Designing and Building an Eco-Friendly Home

Designing and Building an Eco-Friendly Home

Posted by Alex Morrison on 11th Apr 2020

Awareness of climate change and the urgent need to reduce greenhouse gas emissions into the atmosphere has now earned its place in construction design. People now want eco-friendly homes that are healthy, and that don’t pump carbon dioxide and other harmful gases into the air.

Intelligent design is key when it comes to building an eco-friendly home. Save money and lighten your carbon footprint by choosing the right design, technology and materials from the start. Eco-friendly design begins with the use of biodegradable, sustainable, and recyclable construction materials where you can. Products such as biodegradable plastic and recycled glass and timber are good choices which are less damaging to the environment.

Use Smart Design to Reduce Building Costs

Environmentally aware home builders are moving away from McMansions since smaller buildings are usually more eco-friendly and a lot less expensive to run. Smart (or intelligent) design makes good use of the available space, which means developers can be more creative. Cob homes, earth-sheltered, straw bale, and rammed earth homes are now more popular, however, concrete, stone and brick have a long life expectancy and are also eco-friendly.

Whichever style of eco-friendly home you choose, here are two important considerations:


Where the windows go seems simple enough, but it can make a huge difference to a room’s ambience and eco-friendliness. The most strategic position can be gauged using innovative technology to take advantage of natural breezes and sunlight.


Appropriate insulation can keep an eco-friendly home cool in the heat of summer, and warm in the depths of the winter, which minimises the need for constantly running heating and cooling units.

Choosing Eco-Friendly Buildings and Materials


Cob is made from a combination of sand, straw and clay and is a common, all-natural material commonly used to build eco-friendly homes for its self-sustainability. Foundations are usually stone or concrete.


Here’s another eco-friendly construction material, although as with cob, the foundations are made of stone or concrete. The bales can usually be sourced locally, which cuts the cost of haulage and building time. They also make the home fireproof.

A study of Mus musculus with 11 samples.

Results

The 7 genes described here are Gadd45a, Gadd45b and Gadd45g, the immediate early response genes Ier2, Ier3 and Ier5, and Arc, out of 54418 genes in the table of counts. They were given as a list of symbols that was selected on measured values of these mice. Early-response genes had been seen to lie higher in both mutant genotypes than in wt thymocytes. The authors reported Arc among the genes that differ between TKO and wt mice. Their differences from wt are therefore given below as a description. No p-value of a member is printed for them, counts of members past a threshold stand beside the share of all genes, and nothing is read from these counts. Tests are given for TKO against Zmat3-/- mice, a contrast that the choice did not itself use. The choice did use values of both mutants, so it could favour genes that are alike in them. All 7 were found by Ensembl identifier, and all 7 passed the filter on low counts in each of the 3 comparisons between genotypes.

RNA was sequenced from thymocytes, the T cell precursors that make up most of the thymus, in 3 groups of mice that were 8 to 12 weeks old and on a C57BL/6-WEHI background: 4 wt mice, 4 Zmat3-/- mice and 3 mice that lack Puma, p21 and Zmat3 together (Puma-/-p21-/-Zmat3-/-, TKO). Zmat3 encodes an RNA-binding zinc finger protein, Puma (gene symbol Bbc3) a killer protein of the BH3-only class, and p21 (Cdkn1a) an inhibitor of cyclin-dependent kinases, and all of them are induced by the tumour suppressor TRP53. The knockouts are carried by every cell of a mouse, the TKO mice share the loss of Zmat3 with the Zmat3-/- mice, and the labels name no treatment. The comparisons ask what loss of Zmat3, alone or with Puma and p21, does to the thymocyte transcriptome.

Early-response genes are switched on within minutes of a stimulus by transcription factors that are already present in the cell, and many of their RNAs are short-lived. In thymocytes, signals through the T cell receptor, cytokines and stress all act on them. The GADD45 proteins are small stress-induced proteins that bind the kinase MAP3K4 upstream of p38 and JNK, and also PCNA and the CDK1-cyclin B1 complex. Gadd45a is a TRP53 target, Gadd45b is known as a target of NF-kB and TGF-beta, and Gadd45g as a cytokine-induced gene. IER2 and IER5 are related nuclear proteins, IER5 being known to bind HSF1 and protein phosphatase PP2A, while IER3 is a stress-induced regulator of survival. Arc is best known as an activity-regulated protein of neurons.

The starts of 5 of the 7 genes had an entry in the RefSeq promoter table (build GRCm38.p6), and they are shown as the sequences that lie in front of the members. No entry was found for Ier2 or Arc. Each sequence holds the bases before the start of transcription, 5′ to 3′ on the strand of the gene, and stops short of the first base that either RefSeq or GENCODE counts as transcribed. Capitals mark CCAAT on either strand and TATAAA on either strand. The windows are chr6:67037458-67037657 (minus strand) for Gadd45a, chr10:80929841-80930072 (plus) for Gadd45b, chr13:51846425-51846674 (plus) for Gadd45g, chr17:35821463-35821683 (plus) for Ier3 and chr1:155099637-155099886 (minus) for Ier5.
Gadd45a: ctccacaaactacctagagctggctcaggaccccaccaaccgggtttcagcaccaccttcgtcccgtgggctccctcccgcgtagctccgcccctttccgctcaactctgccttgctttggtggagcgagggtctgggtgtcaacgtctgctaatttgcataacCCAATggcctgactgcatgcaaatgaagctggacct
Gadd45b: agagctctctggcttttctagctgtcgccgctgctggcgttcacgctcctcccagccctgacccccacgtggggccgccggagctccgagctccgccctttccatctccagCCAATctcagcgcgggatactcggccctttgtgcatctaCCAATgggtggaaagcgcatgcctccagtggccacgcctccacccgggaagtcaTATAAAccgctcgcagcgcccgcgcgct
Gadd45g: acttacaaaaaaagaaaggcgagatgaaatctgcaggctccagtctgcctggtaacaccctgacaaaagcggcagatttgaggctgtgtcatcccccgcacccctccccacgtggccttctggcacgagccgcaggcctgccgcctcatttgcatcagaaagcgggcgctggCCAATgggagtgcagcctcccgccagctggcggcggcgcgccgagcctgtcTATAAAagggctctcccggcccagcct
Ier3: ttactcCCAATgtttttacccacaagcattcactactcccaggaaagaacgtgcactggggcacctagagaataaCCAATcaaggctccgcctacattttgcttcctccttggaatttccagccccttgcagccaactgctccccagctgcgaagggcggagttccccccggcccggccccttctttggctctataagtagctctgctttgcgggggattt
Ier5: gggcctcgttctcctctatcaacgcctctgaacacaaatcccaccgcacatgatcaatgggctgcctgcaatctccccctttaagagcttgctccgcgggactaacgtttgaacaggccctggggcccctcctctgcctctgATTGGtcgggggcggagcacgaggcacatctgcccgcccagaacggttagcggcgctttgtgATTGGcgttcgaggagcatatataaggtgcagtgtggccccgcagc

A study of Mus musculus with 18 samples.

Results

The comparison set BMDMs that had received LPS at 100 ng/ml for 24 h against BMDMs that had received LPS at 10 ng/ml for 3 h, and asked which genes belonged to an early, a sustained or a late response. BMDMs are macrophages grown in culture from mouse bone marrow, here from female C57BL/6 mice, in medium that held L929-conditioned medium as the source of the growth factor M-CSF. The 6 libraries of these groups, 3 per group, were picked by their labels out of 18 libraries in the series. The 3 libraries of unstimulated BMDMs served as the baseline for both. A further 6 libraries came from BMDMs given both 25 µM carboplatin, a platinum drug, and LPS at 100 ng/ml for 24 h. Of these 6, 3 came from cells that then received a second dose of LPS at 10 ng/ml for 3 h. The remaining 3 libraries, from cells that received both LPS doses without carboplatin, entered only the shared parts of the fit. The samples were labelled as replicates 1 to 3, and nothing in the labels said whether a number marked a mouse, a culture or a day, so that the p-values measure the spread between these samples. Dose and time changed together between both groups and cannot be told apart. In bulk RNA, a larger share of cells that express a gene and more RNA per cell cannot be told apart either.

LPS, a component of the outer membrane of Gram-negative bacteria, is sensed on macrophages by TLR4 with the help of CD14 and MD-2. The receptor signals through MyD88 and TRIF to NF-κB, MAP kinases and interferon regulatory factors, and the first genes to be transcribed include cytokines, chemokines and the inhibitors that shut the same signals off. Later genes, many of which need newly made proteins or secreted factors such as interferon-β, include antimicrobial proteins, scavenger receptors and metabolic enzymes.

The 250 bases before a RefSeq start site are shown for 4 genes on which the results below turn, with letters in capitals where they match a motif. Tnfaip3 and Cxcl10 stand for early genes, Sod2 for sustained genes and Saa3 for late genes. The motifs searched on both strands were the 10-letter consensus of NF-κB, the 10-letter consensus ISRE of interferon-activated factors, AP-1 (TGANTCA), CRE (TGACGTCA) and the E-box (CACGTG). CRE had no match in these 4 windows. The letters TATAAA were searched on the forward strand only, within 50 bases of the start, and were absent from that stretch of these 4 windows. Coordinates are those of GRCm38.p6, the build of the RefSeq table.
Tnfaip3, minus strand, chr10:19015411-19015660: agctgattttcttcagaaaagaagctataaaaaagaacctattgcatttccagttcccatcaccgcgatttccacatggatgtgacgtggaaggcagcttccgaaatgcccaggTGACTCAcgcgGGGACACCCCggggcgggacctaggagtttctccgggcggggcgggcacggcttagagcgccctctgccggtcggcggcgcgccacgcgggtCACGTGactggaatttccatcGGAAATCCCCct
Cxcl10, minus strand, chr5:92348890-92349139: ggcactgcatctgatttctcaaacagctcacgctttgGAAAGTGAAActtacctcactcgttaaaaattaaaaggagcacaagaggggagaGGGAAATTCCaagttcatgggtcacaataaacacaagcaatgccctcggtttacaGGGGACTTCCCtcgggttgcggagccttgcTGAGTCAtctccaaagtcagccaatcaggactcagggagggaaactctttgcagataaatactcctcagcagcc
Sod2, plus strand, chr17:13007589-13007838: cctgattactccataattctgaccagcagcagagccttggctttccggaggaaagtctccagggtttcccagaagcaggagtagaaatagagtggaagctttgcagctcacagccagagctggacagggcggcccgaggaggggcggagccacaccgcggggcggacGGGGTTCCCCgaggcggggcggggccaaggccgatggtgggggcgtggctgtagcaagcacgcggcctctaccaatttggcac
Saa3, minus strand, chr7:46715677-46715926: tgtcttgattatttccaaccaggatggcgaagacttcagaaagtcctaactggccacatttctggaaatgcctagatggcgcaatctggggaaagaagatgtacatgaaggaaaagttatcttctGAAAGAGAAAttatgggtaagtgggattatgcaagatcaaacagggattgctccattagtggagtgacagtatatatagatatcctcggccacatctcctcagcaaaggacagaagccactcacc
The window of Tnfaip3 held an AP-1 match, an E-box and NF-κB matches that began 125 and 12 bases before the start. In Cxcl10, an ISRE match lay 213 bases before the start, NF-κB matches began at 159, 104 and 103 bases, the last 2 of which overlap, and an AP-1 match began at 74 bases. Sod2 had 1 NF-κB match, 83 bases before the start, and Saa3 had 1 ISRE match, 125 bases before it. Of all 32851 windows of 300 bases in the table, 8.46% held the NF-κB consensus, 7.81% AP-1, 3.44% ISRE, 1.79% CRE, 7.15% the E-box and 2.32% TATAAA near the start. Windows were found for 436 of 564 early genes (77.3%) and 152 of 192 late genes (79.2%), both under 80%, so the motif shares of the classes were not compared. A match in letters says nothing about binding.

For the most eco-friendly home, go underground like a Hobbit! Many are built using concrete, and take advantage of the earth’s thermal heat. You’ll be protected from fire and storms but make sure the site is safe from floods. Other types of earth-sheltered homes include rooftop deck gardens.

Rammed earth

Humans have been building rammed earth homes since ancient times. They’re constructed by making layers of moistened soil and compressing them into a dense and compact framework for your house. Rammed earth homes are still found on all continents, except Antarctica and can withstand many different climatic conditions.

Flooring Material Ideas



●Natural Fibre Carpet

Solar? Consider Panel Position and Location

Using the sun to power your eco-friendly home is both economical and energy-saving. Installing solar panels is becoming cheaper in Australia and they can save you heaps in the long run. However, the best way to harness the power of the sun is to make sure the panels are placed in the correct locations and at the most appropriate angles. The software can help you assess how much power can be collected from the various locations available to you, and batteries can help to save the power for later use.

Cool Roofing Strategies For Eco-Friendly Homes

Australia is famous for its abundant sunshine, which makes it great for homes to run on solar energy. But if the roof design isn’t right, the heat can be trapped, causing an overheated house. The answer is a green roof, which is achieved by using heat reflective coatings, rooftop grass or gardens to cool the building in summer, and in winter to keep the warmth inside.

Heating and Saving Water and Money

Install fixtures that will lessen the flow of water. Buy eco-friendly products and calculate your future water savings. And as for water heating, rooftop solar panels are great. A geothermal system, which gathers heat below ground for warming the home and heating water, is also an eco-friendly, cost-saving choice.

The Use of 3D Printing in Construction

3D printing technology is developing fast, and the use of this innovation in the eco-friendly building industry shows great promise. For instance, a company in China used 3D printing technology to make 10 concrete houses from recycled materials in only 24 hours. These developments have a light carbon footprint compared to the general methods of construction. 

Alex Morrison has worked with a range of businesses giving him an in-depth understanding of many different industries including home improvement, financial support and health care. He has used his knowledge and experience to work for clients as diverse as Dafra, Cosh Living and ME Bank to help them reach their business goals.